1. Have you saved a down payment?
The typical down payment on a home is 20%. There are programs that allow you to buy a home with a smaller down payment, but you’ll want to check with your lender if PMI is required.
PMI is private mortgage insurance, which protects the lender in case you don’t pay. PMI can add a couple hundred dollars to your mortgage payment amount. Most loans (other than VA-Veterans Administration loans) require this if you don’t have the full 20% down.
2. Will you be happy in the same house for many years?
Realtors charge 5-7% to sell a house. Unless you are in a hot real estate market, it will take time for your home to increase in value enough to cover this cost.
The last thing you want is to sell a house and walk away with less than you put in as a down payment. Or worse-if you didn’t have much of a down payment, you could have to bring money to cover this fee.
• Are you planning on having children? Will there be enough room for a growing family?
• Are your children growing up? Maybe you’ll want a smaller space when your children leave home.
• Do you have aging parents that may need to stay with you?
• Do you like the neighborhood/area? Is there other families similar to yours? If you have kids, are there other kids in the neighborhood? And if there isn’t other kids, are you okay with that?
3. Are you handy (or not handy)?
If you (or your spouse) are handy, then you know you can tackle home projects as they come up. If you are not handy, then consider what will happen if something goes wrong with your house that requires repair.
Even if you are not handy, don’t let that deter you from buying an older home if that’s what you like. Just make sure you are able to afford paying someone to fix things if/when they break.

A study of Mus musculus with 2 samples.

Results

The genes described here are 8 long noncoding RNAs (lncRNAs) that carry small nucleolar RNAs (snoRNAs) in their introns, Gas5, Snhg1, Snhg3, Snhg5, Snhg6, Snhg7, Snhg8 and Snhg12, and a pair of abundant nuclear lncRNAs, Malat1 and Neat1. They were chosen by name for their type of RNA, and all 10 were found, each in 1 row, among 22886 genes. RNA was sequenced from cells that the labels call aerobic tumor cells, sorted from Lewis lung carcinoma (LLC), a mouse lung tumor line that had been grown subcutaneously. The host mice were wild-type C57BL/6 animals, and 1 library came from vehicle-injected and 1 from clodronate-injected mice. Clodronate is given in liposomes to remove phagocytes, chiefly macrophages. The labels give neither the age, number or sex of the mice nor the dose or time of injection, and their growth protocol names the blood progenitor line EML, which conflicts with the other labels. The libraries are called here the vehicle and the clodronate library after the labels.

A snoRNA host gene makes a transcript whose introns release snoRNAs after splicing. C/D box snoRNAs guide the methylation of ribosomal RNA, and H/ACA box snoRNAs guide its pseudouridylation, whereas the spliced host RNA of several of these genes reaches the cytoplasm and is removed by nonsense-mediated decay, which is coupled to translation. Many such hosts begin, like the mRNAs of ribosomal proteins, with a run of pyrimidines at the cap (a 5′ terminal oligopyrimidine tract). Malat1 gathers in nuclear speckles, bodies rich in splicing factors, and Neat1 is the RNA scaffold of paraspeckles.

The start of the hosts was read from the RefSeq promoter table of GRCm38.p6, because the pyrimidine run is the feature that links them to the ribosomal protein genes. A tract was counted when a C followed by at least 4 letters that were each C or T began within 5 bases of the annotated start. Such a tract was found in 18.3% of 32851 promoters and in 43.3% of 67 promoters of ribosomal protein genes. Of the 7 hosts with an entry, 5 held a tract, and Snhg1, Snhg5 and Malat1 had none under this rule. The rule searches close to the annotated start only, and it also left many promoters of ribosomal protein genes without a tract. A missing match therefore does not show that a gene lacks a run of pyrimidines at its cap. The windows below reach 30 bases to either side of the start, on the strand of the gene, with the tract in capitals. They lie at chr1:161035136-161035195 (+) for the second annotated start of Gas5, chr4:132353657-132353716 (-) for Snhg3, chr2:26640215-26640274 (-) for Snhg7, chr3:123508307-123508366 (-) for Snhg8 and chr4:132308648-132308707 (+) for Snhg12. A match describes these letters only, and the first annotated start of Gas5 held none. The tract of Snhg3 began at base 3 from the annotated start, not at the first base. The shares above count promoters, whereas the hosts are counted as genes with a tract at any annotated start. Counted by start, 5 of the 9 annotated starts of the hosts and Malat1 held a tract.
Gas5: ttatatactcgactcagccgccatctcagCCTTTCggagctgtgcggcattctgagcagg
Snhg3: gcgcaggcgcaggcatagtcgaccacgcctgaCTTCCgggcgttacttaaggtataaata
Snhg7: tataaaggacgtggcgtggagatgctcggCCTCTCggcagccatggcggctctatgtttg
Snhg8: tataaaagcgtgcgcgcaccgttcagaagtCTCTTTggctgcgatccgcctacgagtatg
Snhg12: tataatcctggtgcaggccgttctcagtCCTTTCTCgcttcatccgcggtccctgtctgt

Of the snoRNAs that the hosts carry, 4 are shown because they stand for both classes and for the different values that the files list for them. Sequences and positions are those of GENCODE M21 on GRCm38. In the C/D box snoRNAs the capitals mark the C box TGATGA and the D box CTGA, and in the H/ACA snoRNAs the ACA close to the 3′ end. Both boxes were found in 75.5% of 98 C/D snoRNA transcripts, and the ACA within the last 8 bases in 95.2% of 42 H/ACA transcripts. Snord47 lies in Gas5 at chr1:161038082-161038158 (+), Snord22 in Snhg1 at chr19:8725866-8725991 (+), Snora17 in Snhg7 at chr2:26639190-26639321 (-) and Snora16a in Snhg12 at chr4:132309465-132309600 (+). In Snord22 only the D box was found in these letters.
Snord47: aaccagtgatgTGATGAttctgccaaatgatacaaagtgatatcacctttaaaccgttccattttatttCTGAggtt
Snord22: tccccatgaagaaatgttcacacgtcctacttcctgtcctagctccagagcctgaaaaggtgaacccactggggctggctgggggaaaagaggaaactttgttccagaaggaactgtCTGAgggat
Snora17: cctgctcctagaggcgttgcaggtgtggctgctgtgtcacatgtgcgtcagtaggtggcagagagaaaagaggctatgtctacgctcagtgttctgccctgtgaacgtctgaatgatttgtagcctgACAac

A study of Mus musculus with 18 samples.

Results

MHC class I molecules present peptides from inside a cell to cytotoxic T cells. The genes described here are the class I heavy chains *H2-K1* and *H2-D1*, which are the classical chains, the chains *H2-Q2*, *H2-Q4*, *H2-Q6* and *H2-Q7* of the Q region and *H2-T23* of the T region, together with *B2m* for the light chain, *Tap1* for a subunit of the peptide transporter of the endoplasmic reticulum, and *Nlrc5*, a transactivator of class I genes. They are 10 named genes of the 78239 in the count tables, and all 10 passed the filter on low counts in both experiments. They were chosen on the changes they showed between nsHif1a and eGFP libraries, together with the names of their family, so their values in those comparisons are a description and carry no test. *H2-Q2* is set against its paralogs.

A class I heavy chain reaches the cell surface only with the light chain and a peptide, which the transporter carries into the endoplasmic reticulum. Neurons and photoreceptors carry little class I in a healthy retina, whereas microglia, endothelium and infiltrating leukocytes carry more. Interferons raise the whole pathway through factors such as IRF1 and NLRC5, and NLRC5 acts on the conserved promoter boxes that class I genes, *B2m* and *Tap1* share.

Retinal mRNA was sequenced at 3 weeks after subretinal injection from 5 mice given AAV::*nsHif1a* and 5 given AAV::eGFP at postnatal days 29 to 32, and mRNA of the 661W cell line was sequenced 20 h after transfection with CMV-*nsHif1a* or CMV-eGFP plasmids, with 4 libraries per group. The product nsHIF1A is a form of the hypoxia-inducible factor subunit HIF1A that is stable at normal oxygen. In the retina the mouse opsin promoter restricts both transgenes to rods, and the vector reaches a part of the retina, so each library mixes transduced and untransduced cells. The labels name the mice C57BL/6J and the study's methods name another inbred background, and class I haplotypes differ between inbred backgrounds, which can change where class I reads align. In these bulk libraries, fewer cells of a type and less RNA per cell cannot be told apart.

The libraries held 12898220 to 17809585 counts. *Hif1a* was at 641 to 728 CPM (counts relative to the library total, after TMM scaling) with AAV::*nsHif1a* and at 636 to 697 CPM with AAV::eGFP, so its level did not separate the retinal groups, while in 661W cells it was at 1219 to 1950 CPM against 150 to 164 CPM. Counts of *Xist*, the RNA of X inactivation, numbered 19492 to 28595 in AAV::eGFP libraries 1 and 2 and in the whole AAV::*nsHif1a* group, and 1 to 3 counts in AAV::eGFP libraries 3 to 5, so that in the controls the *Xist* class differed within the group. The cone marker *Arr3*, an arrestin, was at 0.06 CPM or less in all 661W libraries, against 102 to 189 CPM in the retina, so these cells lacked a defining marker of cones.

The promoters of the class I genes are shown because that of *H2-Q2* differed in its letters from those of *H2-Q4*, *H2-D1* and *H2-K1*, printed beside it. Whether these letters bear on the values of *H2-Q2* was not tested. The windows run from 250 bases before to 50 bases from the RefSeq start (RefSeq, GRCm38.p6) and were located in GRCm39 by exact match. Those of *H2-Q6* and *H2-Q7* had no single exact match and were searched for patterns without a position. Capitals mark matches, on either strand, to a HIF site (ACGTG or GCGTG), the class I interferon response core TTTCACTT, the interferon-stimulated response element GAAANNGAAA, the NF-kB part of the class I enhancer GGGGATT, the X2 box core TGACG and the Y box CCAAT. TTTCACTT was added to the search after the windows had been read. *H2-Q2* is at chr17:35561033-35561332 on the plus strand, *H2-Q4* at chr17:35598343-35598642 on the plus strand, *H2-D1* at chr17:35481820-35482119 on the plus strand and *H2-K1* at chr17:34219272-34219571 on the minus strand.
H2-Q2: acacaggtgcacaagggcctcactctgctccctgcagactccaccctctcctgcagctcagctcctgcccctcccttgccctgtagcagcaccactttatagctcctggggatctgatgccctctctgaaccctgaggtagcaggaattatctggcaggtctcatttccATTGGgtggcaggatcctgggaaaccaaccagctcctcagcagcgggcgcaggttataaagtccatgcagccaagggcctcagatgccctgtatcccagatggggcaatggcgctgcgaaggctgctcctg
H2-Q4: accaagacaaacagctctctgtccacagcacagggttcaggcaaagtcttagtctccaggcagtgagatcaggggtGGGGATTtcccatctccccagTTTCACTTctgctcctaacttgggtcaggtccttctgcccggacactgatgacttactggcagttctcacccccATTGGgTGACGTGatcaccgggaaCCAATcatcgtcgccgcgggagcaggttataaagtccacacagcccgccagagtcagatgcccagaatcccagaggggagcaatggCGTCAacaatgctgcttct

4. What will it cost to live there?
Even if you have no problem affording the mortgage payment, don’t forget about other ongoing expenses.
What are property taxes and insurance rates? These are usually added into your monthly mortgage payment. Depending on where you live, these can add a big chunk of change to your payment. Different areas can have widely different property taxes.
You’ll also want to consider utility costs. Your realtor can ask the current homeowner for this information or you can call the utility companies and they should be able to give you historical info. Realize that the previous owner might be more or less energy conscious than you.
If you’re buying a condo or townhouse, there is usually homeowner’s association dues (some home neighborhoods have these too). Be sure to see what costs these cover-some of your utilities may be included.
5. Do you have what you need to furnish and care for a home?
Once you own a home, you will be the one responsible for upkeep. Don’t forget to leave room in the budget for expenses like a lawnmower, tools, snow removal equipment, and a ladder.
Do you have furnishings for the home? Curtains/blinds, wall decor, and furniture are just a few expenses that may pop up.
6. Do you have an emergency fund?
If you are buying a home, you NEED an emergency fund. How will you pay for repairs when something goes wrong? When you rent, it’s easy, a quick call to your landlord will get a repair completed.
When you own a home, it’s your problem to take care of. It always seems that a problem either happens at the worst time or multiple problems all happen at the same time. A basic repair might set you back $100, but what if you need a new water heater or furnace?
Are you ready to buy your first house?
Home ownership is a serious investment that can come with unexpected expenses if you are unprepared. Consider the neighborhood, your life plan, and whether you can afford all aspects of home ownership before you buy your first home.